Many rural businesses and farms will benefit from the tax overhaul passed Wednesday by Congress. But there’s a catch: If the changes fail to spur economic growth as intended, programs that rural areas rely on could be on the chopping block.
One provision in the massive bill, which President Trump has yet to sign into law, allows small business owners to deduct 20 percent of their business income. It also expands the deduction for small business investment — a popular provision among farmers, who can write off the cost of things like a new tractor.
U.S. Agriculture Secretary Sonny Perdue praised the legislation, which includes a $1.5 trillion tax cut and changes the individual tax code.
“Having traveled through our nation’s heartland for most of this year, I know that the hard-working, tax-paying people of American agriculture need relief,” the Republican said. “Most family farms are run as small businesses, and they should be able to keep more of what they earn to reinvest in their operations and take care of their families.”
Business owners will have a limited time to enjoy their new tax perks, as most are set to expire by 2025 unless extended by Congress.
“That’s something we advocated for throughout this process is whatever you did, make it permanent,” said Jordan Dux, director of national affairs for the Nebraska Farm Bureau. “Unfortunately, that’s not how it ended up.”
Unless the tax cuts spur an economic surge as Republicans hope, $1.4 trillion will be added to the national deficit over a decade, according to the Congressional Budget Office. That could put pressure on lawmakers to cut spending, and considering the agriculture and nutrition policies in the farm bill are up for reauthorization in 2018, they could be the first to see cuts.
“That’s a big problem,” Nebraska Farmers Union President John Hansen said. “For infrastructure, for the (farm) income safety net, for research.”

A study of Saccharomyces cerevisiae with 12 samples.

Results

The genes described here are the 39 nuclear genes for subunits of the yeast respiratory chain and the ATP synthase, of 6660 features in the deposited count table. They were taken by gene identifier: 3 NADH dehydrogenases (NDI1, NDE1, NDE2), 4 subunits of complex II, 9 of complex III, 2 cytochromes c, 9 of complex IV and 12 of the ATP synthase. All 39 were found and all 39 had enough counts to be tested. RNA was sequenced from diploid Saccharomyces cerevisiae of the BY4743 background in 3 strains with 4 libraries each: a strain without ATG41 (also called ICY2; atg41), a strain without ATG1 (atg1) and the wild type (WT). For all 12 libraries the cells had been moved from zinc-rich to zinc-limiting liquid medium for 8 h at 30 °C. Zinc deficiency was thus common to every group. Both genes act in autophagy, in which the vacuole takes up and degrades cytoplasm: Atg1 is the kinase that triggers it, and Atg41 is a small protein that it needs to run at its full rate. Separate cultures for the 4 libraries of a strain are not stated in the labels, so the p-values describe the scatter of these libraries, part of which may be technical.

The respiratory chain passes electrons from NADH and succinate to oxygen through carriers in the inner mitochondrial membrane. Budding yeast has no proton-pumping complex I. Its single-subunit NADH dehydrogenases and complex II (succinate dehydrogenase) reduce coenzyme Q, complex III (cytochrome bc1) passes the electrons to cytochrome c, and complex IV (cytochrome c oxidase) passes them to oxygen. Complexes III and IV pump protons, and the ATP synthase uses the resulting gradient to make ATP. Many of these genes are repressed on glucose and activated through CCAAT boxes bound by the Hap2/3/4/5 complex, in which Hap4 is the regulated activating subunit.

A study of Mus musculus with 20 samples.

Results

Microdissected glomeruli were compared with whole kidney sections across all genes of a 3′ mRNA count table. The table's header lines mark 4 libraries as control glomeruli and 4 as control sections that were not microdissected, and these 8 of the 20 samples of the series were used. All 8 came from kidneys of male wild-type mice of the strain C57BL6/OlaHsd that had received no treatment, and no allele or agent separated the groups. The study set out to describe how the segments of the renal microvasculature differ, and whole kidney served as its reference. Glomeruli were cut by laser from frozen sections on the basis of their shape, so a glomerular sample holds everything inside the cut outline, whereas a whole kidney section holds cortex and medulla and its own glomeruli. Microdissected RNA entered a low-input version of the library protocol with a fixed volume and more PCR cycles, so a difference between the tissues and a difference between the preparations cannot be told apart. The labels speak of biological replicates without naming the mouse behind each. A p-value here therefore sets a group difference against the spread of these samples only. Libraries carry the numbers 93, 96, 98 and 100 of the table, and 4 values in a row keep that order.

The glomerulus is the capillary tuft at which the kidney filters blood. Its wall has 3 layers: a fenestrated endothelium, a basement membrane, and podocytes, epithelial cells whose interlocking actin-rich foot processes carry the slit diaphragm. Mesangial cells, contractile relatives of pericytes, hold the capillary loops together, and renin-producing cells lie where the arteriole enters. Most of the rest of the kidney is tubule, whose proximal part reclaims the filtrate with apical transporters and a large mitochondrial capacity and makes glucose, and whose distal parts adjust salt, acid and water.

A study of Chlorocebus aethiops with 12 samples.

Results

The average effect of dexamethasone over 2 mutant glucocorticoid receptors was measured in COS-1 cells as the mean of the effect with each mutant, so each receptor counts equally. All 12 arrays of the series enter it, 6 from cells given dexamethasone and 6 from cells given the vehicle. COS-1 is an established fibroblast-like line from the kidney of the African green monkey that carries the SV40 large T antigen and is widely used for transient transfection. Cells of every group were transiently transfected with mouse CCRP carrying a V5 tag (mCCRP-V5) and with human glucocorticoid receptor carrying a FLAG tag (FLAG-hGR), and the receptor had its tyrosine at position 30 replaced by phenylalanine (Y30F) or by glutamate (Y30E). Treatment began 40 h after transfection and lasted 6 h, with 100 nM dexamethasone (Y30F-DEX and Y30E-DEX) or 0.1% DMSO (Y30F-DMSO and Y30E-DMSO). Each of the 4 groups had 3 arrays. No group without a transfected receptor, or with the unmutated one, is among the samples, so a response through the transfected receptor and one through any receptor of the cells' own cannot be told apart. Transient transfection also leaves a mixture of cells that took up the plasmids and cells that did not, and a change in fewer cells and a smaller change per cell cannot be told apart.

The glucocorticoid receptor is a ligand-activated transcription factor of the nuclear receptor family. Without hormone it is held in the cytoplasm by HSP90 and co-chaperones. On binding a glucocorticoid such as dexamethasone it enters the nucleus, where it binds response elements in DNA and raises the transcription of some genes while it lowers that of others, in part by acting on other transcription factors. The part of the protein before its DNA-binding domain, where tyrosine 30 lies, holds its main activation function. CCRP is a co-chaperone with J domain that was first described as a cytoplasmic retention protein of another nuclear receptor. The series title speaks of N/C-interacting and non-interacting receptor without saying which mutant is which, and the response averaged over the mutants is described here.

The farm bill includes crop insurance subsidies, land-grant university research funding and rural business investment within its wide-ranging portfolio. Dux expects any cuts to farm bill programs to be focused on federal food assistance programs like SNAP (Supplemental Nutrition Assistance Program), which Perdue is already making changes to.
The tax legislation could negatively — and inadvertently — affect the rural health care industry, too. It repeals the penalty for not buying insurance under the Affordable Care Act, so if fewer people buy insurance, hospitals may end up providing more uncompensated care.
At the same time, an increase in the national debt could trigger automatic cuts to Medicare reimbursements, which rural hospitals are more reliant on than urban counterparts.
“There’s sort of this dual threat that Congress will cut other important health care programs in order to pay for these tax cuts,” according to Maggie Elewhany of the National Rural Health Association. “That would be devastating across rural America.”
Congress would have to vote to cancel the automatic cuts, she said.